Germany’s new Ostpolitik and Russia: from strategic partnership to geopolitical competition?

On September 29th, in Brussels, ACEWA co-hosted a conference with Egmont: Belgium’s Royal Institute for International Relations and the Heinrich Böll Stiftung on the topic: Germany’s new Ostpolitik and Russia: from strategic partnership to geopolitical competition? The conference featured Prof. Hans Joachim Giessmann (Berghof Foundation & University of Hamburg), Dr. Sergey Lagodinsky (Heinrich Böll Stiftung), Prof. Richard Sakwa (University of Kent), and Prof. Stephen Walt (Kennedy School of Government, Harvard University). It was moderated by ACEWA’s European Coordinator and Founding Board Member Dr. Gilbert Doctorow.

According to Dr. Doctorow, under Chancellor Merkel, German policy toward the Ukraine crisis has had a “zig-zag” aspect to it; on the one hand, Chancellor Merkel was widely expected, at the outset of the crisis, to act as the West’s principle ‘go-between’ with Russia’s Vladimir Putin; yet after the MH17 tragedy she began to take a harder line towards Russia which only began to soften at the dawn of 2015, when she emerged as a champion of the Minsk II accords.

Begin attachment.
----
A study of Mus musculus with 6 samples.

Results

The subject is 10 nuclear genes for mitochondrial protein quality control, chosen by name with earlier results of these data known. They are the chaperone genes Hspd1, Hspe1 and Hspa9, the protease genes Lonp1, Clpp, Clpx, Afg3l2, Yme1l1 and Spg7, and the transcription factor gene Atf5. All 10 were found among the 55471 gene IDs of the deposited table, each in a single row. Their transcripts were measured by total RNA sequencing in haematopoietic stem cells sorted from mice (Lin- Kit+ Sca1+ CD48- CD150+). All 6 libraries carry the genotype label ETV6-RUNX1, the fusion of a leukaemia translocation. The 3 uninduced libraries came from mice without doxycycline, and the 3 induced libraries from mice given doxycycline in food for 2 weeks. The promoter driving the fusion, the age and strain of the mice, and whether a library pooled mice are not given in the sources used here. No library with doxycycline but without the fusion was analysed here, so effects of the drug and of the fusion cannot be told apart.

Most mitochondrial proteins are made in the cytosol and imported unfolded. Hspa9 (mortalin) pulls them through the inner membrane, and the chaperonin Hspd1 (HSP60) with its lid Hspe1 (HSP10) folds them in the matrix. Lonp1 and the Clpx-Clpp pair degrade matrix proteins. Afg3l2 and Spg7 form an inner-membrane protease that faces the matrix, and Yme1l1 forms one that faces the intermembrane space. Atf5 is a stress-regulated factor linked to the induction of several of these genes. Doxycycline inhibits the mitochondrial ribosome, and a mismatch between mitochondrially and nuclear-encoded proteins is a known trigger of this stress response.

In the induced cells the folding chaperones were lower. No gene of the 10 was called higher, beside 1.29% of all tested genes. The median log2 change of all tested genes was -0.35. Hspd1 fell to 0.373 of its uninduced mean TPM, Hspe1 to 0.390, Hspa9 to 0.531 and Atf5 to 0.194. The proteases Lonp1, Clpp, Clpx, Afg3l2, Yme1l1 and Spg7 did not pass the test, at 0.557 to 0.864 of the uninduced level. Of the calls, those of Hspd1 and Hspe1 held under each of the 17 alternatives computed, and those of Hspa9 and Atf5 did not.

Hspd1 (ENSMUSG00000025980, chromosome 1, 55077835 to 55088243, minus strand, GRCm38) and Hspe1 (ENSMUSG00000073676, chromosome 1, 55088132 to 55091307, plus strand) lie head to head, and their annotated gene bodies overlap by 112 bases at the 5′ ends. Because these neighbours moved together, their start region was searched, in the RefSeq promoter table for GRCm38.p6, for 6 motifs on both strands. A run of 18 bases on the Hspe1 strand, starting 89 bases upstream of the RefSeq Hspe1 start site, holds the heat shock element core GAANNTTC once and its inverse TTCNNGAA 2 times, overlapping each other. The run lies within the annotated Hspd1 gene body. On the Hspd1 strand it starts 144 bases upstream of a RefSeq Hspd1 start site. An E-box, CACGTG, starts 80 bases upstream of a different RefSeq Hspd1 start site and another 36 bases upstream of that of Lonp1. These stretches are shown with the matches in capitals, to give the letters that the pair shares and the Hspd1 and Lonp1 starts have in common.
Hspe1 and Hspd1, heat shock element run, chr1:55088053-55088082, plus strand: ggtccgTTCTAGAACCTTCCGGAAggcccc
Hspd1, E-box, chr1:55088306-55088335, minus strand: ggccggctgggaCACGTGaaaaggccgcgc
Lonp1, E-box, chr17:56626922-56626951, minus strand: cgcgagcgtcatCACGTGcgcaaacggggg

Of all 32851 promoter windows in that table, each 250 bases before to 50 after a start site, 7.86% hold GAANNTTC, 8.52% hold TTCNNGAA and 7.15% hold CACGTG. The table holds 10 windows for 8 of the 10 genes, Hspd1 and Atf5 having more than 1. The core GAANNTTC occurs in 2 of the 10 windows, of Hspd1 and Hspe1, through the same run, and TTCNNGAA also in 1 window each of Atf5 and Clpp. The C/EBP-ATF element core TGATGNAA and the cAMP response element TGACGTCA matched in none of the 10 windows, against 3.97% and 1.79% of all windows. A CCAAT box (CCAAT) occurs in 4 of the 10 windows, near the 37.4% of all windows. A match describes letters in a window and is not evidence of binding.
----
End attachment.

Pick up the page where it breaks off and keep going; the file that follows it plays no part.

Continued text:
Harvard’s Stephen Walt noted that given German’s geography and history, it is still difficult for it to have a genuinely independent foreign policy; Germany always wants to be seen as acting within EU institutions, rendering it incapable of acting in a assertive way. According to Prof. Walt, German policy under Merkel is neither Ostpolitik, nor is it neoconservative, but – importantly –  neither is it a wholly independent foreign policy either.

The University of Kent’s Richard Sakwa concurred with Walt, noting that German policy toward the Ukraine crisis is in a sense the “revenge of geography,” He also noted the EU, which affects to carry out a norm-based foreign policy, often conflicts – as we have seen in the case of Ukraine – within the space in which that foreign policy is being carried out. According to Prof. Sakwa, this tension, between ‘norms and space,’ has profoundly affected German foreign policy and reinforces its tendency to, as Dr. Doctorow noted at the outset, “zig-zag,” in seeming incoherence.
All of the panelists made remarks well worth listing to; the full video of the event can be found at this link to You Tube.